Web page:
A ‘Tindal’ Effect…
The US has decided to deploy fighter jets, capable of carrying nuclear bombs, in Australia, a country belonging to the QUAD (or the Quadrilateral Security Dialogue, a strategic security dialogue between Australia, India, Japan and the US that is maintained by talks between member countries). The Australian Broadcasting Corporation (ABC) has reported that six US B-52 bombers will initially be stationed at an air base in northern Australia.
Washington DC has engaged in a conflict with China since the visit of House of Representatives Speaker Nancy Pelosi to Taiwan in August 2022. Experts believe that Pentagon’s plan to deploy B-52 bombers in Australia is significant, in this atmosphere.
According to the ABC report, preparations have already begun for the deployment of US fighter jets at Tindal Base of the Royal Australian Air Force (RAAF), 320km by road from Darwin. However, neither the Australian Army nor the Government of Australia is yet to issue any statement on this.
A section of Defence Experts is of the opinion that the Pentagon’s move is aimed at confronting China in the Indo-Pacific Region. They have claimed that the US made an indication in this regard during the first QUAD Summit in the last week of September 2022. President Joe Biden, and Prime Ministers of Australia, India and Japan attended the Summit in Washington DC.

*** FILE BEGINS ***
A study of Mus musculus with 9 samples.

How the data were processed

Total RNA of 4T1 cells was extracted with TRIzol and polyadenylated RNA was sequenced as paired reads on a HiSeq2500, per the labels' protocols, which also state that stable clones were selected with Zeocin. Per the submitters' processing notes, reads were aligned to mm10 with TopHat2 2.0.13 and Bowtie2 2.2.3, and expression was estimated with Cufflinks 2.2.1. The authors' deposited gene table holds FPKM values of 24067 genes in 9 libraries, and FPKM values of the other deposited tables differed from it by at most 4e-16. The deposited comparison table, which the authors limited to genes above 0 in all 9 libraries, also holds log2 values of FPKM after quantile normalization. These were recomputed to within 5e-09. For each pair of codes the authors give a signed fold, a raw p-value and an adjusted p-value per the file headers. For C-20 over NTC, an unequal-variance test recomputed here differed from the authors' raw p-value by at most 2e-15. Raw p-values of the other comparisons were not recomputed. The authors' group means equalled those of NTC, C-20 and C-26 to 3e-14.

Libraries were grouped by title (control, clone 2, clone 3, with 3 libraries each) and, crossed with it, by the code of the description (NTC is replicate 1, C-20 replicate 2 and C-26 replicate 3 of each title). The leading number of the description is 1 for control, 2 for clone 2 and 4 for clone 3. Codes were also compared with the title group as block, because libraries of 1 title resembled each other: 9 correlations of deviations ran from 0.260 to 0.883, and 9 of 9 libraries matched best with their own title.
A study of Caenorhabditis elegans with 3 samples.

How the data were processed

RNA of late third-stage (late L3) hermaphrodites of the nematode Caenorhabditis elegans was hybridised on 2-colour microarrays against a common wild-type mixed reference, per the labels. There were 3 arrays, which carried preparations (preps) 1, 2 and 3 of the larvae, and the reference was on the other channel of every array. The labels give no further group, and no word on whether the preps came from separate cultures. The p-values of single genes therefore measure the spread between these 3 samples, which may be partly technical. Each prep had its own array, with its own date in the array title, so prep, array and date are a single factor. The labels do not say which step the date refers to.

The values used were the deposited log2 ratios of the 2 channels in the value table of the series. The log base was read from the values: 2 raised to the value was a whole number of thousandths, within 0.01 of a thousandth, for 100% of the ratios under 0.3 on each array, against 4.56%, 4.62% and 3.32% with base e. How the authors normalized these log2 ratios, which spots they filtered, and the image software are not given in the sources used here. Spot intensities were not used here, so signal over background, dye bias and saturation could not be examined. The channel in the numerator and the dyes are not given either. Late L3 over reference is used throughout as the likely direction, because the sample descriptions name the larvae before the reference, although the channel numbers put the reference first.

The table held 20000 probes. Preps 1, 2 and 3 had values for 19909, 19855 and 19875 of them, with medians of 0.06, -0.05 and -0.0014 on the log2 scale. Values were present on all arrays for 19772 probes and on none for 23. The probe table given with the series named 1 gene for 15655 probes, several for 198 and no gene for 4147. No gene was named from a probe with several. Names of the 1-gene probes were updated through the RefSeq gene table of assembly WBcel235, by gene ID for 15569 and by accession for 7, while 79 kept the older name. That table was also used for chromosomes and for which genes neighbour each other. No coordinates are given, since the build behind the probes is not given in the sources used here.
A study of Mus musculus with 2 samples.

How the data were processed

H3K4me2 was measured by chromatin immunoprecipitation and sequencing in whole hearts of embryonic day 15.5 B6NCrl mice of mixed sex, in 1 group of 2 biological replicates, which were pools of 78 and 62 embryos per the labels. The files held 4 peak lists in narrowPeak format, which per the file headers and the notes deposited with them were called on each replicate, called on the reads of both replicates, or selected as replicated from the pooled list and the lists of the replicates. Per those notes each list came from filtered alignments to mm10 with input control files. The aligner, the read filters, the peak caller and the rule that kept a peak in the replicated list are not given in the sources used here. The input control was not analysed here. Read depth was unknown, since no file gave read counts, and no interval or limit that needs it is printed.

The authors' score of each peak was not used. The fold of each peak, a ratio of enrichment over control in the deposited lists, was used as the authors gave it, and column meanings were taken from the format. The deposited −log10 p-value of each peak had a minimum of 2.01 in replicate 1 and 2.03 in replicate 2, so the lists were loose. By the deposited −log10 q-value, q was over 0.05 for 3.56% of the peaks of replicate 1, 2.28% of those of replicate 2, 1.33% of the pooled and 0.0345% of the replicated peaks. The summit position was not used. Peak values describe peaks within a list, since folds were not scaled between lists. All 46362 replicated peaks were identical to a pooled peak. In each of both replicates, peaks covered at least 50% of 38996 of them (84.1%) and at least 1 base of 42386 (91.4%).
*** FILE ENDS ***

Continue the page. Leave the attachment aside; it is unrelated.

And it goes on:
Meanwhile, Deputy Minister of Economic Affairs of Taiwan Chern-Chyi Chen, along with a 70-member trade delegation, visited India in the first week of November, amid ensuing tension with China. India, fearing that its relations with China might deteriorate, did not sign trade agreements with Taiwan in the past. However, the scenario changed after the clash between the Indian Army and the Chinese Army near the Line of Actual Control (LAC) in Ladakh in 2020.
During his visit to India, Chen discussed bilateral financial and trade cooperation with Prime Minister of India Narendra Modi. They also discussed various aspects of bilateral ties. Incidentally, the Modi Administration in New Delhi allowed three private software technology companies of Taiwan to invest in India in 2020. According to sources close to the Government of India, the visit of the Taiwanese minister shall pave the way for more investments from the East Asian nation in India.
As Taiwan is not a member of the UN, India is yet to recognise the island nation as a State. Hence, India has some difficulties in establishing full diplomatic ties with Taiwan. However, the Indian Ministry of External Affairs believes that it would not be an obstacle in strengthening economic and trade cooperation with Taiwan. Meanwhile, the Indian Ministry has admitted that cordial ties between India and Taiwan would irk China.